Under proposals put to the government by the BMA and NHS England as part of the five-year GP contract agreement earlier this year, GPs and other doctors could be allowed to halve the rate at which their pensions build up by halving their contributions.
The 'partial pension' plan would mirror a 50% option that already exists in the local government pension scheme, and could delay the point at which doctors hit annual allowance or lifetime allowance limits - triggering tax charges that are forcing many doctors to cut working hours or stop work altogether.
However, accountants and BMA leaders have warned that the move does not go far enough - and have called on the government to consider further options.
GPonline reported this week on BMA warnings that growing numbers of doctors are being forced to retire early or reduce their working hours because current pension tax rules can mean they end up effectively 'paying significant sums' to take on extra work. Accountants say that as many as one in four GPs may be affected by the tax charges.
BMA leaders have said these punitive tax charges are severely damaging an already-depleted NHS workforce, threatening a 'massive loss of capacity within the NHS' that places its future sustainability at risk - and have accused the government of ignoring the problem.
Both the Association of Independent Specialist Medical Accountants (Aisma) and the BMA have warned that reversing the impact of tax charges on doctors' pensions will require radical solutions beyond the partial pension proposal.
A statement published by Aisma this week said: 'Simply allowing the option to reduce contributions and benefits to 50% as proposed in the latest GP contract will in our view not have the desired impact. Changes need to be more radical than this.'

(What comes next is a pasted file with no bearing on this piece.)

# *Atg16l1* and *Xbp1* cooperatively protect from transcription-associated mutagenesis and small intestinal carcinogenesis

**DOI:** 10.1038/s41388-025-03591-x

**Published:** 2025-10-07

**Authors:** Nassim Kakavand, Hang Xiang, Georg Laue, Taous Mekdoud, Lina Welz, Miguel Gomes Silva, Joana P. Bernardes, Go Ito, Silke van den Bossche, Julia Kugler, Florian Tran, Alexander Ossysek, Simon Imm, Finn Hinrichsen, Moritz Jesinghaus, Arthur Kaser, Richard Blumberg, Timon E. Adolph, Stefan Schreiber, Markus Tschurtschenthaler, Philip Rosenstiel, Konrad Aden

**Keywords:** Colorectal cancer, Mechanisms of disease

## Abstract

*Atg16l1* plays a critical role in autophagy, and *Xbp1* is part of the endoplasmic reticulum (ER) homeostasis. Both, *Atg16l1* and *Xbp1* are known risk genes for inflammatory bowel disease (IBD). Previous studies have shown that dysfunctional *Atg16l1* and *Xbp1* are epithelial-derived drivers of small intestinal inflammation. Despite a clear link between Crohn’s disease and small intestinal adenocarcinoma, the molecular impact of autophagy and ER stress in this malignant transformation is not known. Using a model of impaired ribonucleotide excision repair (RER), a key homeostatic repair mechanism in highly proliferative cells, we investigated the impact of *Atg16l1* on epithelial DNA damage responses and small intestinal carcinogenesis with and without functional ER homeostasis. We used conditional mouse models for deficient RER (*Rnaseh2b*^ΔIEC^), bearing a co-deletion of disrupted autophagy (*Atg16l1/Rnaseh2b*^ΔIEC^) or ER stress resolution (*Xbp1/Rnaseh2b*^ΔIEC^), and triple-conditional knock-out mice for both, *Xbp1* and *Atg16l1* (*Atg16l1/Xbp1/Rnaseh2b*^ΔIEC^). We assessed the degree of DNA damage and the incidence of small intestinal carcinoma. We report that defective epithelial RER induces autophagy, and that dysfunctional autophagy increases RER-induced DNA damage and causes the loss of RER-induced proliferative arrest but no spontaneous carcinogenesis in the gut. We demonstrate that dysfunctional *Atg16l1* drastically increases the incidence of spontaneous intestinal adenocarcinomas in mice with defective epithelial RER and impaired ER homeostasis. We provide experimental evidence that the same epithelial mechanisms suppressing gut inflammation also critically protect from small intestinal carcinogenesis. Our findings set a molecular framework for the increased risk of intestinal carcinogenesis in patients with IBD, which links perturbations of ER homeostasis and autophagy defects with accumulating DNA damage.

Meanwhile, a letter from the BMA consultants committee to chancellor Phillip Hammond warned: 'We note that NHS Employers and DHSC have suggested a fixed ‘50:50’ option with recycling of the employers contribution to the employee, may alleviate the problem.
'We have modelled this extensively and are of the firm belief that this will not solve the problem and the perverse incentive to reduce NHS work will remain, albeit to a lesser degree. It is therefore not a long-term solution to this problem.'
Under alternative plans set out by Aisma in correspondence with the Treasury, accountants suggest that one option could be to raise the annual allowance threshold 'to a position where it removes the majority of key NHS workers from this charge'. Aisma argues that this could be justified because high-earners' pensions are already effectively capped by lifetime allowance rules.
At the very least, Aisma warns, the tapering mechanism that reduces tax relief on pensions in stages for people earning over £110,000 per year 'need an overhaul as they are causing "cliff edges" where additional tax is higher than earnings'.
But it says the 'simplest option' would be to scrap the complex, unpredictable current mechanism that governs how the annual allowance is calculated in favour of a system that would be easier for doctors to control. Aisma argues that the annual allowance should be 'linked directly to combined employee and employer contributions, rather than on the benefit accrual method that HMRC adopt'.
Specialist medical accountant Andrew Pow, an Aisma board member and a partner at Hall Liddy, told GPonline that moving to an annual allowance based on actual contributions would give doctors clarity, allowing them simply to 'take a break' once their contributions had reached the maximum allowed.
Under the current system, he said, doctors had little control and GPs faced risks from uncontrollable factors. For example, a spike in profits caused by a partner leaving suddenly could drive up their pension contributions and leave them facing large tax charges, he said.
Aisma's statement says linking the annual allowance to actual contributions 'would reduce the burden of administration on the NHS pension scheme and allow taxpayers to complete tax returns more accurately', calling it 'the simplest option, which would achieve quick results and allows professionals to better control their growth'.
The BMA, meanwhile, has called for urgent meetings with Treasury officials to discuss how to protect death-in-service rights for doctors forced to opt out of the NHS pension scheme because of tax charges.
It has also called for the government to help produce guidance for doctors who 'need to leave the scheme temporarily or permanently', and for talks on 'longer-term issues including the annual allowance, tapering and the unique and unfair tax treatment' of NHS pension schemes.